A guardian is an individual or institution such as a bank trust department appointed by the Texas probate court to care for an incapacitated person. There can be a “guardian of the person” and a “guardian of the estate.” The person who needs protection of a guardian is called a “ward.” Appointment of a guardian is started when a “qualified person” files an application with the court. There are rules that apply in determining who shall be appointed where more than one person seeks to be appointed. There are many bodies of law that affect guardianship issues. Just one of those bodies is the part of the Texas Estates Code on Guardianship.
Parents may execute an intervivos designation of guardian for their children and themselves in advance of actual need. Texas law will support the appointment of the persons named unless found to be not qualified for any of various reasons. The rules impose some strict requirements in the Texas Estates Code.
Avoiding Guardianships: Reasons and Methods
Guardianship creates a public record of all assets subject to administration for the benefit of the ward. Sometimes it is preferred to avoid making public records of the estate, the ward’s condition, and the proceedings before the court. And even where a guardianship should be established to maximize the protection provided the ward, it is still possible to conceal much information from the public record by using a trust to hold and manage all assets. Under the law an annual accounting must be filed with the court showing all assets, income, dispositions, distributions, and all other activity pertaining to the assets administered by the guardian. The accounting becomes part of the record and there are often reasons to not disclose the kinds of assets managed and applied for the benefit of the ward – the value of those assets, the locations of those assets, the account numbers, the identity of institutions and the like. See Trusts: Avoid Public disclosure of Assets.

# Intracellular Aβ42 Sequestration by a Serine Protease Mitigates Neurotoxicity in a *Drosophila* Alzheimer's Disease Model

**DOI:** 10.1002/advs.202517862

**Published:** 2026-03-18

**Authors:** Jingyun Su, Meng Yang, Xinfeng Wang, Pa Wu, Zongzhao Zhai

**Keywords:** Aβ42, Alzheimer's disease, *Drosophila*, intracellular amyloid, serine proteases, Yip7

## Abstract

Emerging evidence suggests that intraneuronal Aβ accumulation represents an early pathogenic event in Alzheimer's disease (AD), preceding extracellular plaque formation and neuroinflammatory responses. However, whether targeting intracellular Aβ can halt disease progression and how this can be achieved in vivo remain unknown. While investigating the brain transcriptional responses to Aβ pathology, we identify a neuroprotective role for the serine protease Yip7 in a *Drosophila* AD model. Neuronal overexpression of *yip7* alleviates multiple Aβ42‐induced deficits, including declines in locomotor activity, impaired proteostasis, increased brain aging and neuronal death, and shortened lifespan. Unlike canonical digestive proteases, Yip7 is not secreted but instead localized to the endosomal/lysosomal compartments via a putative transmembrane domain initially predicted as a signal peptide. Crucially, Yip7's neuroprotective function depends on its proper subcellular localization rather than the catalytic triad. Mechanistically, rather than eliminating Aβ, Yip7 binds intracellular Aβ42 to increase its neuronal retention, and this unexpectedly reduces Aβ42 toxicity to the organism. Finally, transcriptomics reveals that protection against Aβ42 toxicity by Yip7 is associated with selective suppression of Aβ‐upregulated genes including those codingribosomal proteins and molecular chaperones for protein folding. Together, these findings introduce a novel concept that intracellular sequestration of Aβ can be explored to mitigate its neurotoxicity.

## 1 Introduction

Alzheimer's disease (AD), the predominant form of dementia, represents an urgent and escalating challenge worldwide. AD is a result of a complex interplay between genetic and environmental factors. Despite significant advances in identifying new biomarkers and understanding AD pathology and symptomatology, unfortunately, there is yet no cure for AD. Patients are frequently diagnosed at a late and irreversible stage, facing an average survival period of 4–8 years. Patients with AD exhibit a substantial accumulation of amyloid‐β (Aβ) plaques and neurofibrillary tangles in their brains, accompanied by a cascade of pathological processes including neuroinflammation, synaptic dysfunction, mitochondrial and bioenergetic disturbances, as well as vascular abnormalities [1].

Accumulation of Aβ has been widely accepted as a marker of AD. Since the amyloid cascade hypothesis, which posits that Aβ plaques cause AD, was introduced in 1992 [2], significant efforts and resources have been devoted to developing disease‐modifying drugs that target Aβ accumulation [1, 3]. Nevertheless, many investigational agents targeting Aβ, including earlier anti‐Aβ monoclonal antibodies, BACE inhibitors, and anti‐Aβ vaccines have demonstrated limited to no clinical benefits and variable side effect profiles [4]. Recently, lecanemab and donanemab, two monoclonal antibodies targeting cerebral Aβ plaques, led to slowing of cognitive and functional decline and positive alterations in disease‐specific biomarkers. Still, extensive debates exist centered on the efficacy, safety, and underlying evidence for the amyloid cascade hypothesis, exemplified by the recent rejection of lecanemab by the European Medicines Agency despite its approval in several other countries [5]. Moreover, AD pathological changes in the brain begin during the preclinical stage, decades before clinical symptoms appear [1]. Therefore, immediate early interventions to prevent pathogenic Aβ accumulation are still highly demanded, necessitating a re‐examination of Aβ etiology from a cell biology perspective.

It can all be avoided if there is a trust that holds assets applied for the ward’s benefit. Because the trustee controls the assets and the guardian does NOT have any duties with regard to trust management, the trust’s assets are not part of the annual accountings. Account numbers are not revealed – asset kind and character is not disclosed – aggregate values are not made part of the record. Only trust distributions paid to the ward’s guardianship estate show up as an item of income received. It is prudent to explore these matters in conjunction with development of a coherent plan to provide for the care and protection of persons who may require appointment of a guardian at some time.